Better Learning through Augmented Reality

Post in Uncategorized by JannaDougherty on 15th January 2016

Could your classroom’s reality use a boost? As weird as that can sound, it’s entirely possible to do so with a neat little trick commonly known as augmented reality.

The term augmented reality (AR for short) refers to any program or application that can take an element of the real world, analyze it, and then supplement it with additional images, information or other changes that work and interact with the ‘real’ world around them. The most popular example of augmented reality today still remains the infamous Google Glass, in which Google’s software layers additional data over a person’s vision with the help of a head-mounted interface. Using Google Glass, a person could look at a restaurant and see recent reviews of its menu, send or receive email, or even pull up maps of where you are and where you’re going in real-time. While this version of the technology is still imperfect, AR developers are aiming to perfect this kind of heightened experience.

However, current levels of augmented reality are increasingly finding a foothold in modern classrooms—and as more than just some technological novelty. By blending physical and digital resources in the same space, teachers are finding that AR adds a new level of interactivity to handouts, student readings, notes, and other things students might receive over the course of the year. One of our favorite products here at Teq—zSpace—is a great example of augmented reality, taking the digital and real worlds and blending them together in a way that students can engage with directly.


For teachers who are just starting out, however, there are forms of augmented reality available to classes at any level.

One of the most enduring uses of augmented reality in the classroom is to supplement specific content subjects. Over the last couple of years, a number of have been developed to use the cameras of mobile devices, then layer virtual content over the view. Many of these are limited to one specific type of content, but perform their job thoroughly and intuitively. For example, the Anatomy 4D app is paired specifically with content relating to the human body, while the multi-platform Starwalk app is designed to display astronomy landmarks, such as constellations or star clusters. In many cases, they’re used to help students visualize concepts that would be hard to picture in two-dimensional diagrams—for example, being able to see the complete anatomy of the human heart from multiple angles, or the imaginary lines that make constellations. Having these visualizations can help students make connections more readily between their curriculum and the world they see around them, by literally layering one on top of the other.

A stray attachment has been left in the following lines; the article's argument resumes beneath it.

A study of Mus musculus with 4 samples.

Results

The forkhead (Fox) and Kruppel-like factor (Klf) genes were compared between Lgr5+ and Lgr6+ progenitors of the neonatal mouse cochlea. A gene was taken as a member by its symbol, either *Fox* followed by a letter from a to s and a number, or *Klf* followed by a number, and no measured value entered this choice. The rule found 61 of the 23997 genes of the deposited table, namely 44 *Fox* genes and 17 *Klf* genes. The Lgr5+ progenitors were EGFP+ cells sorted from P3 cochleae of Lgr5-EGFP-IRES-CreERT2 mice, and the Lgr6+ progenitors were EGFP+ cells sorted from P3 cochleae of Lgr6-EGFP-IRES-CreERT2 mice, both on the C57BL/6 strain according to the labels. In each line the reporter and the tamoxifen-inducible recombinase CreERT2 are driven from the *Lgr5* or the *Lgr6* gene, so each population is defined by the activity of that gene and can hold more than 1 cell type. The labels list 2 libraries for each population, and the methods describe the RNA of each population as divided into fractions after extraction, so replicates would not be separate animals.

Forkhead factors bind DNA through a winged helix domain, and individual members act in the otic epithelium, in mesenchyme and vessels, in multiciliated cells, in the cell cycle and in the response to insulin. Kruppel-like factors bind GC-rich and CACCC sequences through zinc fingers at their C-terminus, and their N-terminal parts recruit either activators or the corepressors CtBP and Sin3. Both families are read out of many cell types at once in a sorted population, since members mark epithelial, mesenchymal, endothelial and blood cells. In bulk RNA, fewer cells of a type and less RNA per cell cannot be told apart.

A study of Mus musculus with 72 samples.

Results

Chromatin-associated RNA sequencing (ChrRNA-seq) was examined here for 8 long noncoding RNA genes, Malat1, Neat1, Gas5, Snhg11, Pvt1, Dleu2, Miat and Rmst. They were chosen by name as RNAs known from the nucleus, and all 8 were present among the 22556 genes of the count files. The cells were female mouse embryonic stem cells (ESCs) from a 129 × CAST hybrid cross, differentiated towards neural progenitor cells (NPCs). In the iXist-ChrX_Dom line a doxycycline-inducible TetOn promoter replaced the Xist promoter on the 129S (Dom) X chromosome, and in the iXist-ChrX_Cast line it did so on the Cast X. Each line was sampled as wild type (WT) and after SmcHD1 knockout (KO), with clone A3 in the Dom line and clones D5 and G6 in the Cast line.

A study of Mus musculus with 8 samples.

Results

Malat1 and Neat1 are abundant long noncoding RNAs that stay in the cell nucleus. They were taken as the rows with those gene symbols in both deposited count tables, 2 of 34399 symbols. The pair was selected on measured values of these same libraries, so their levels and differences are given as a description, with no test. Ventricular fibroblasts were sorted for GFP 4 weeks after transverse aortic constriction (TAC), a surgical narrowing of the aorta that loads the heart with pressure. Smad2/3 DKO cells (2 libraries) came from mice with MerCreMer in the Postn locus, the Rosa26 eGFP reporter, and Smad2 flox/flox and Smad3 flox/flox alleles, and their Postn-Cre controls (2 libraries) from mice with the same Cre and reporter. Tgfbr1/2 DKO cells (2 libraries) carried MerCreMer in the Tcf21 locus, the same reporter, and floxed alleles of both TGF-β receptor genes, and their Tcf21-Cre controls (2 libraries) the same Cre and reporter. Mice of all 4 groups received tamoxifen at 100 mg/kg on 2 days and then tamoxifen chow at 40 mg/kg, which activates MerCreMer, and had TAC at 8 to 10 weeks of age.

An interesting example of augmented reality is the apps that are released each year by the American Museum of Natural History. The museum has a long-standing tradition of releasing applications that coincide with exhibits at the museum. While these apps do not use the camera like many kinds of augmented reality do, downloading an app like Beyond Planet Earth or Dinosaurs allows students to interact with the exhibits in new ways. By scrolling through the app while they move through the museum, students are exposed to information, context, and ideas that they may not have access to otherwise. The museum also releases special apps that pair with their temporary exhibits; fortunately, the apps persist long after the exhibits are gone, so if you and your class missed a cool show, you can still get part of the experience!


Another popular example of augmented reality in the classroom comes with Aurasma. This application for the iPad allows users to create their own customized experiences. Using the device camera, teachers can pair ‘trigger’ images in their texts or classroom with other images, text or even video. Once students log in and use their own device, they can access the info provided by their teacher by viewing the ‘trigger’ through their device’s camera.


Classrooms have used this to great effect to get students engaged in the classroom. For example, interactive scavenger hunts can encourage students to hunt for images in the classroom that contain content and hints for quizzes, such as in an interactive scavenger hunts or ARGs (Alternate reality games). Teachers can also build study notes or video mini-lessons into their student texts using Aurasma on the text’s pictures, embed graded responses or feedback on student assignments for privacy, add student recordings to the classroom board for more depth, and more.


A student uses Aurasma to learn more about the histories of specific paintings in their art unit.

Augmented reality takes advantage of the presence of technology in the classroom to bring students back into the present. Rather than separating the content and the technology from its real world application, AR ties them together by literally showing how one can be viewed through the lens of another, giving students a chance to make those connections themselves. So let’s ask the question from before again, but a little differently: Don’t you think your students’ reality deserves a little boost?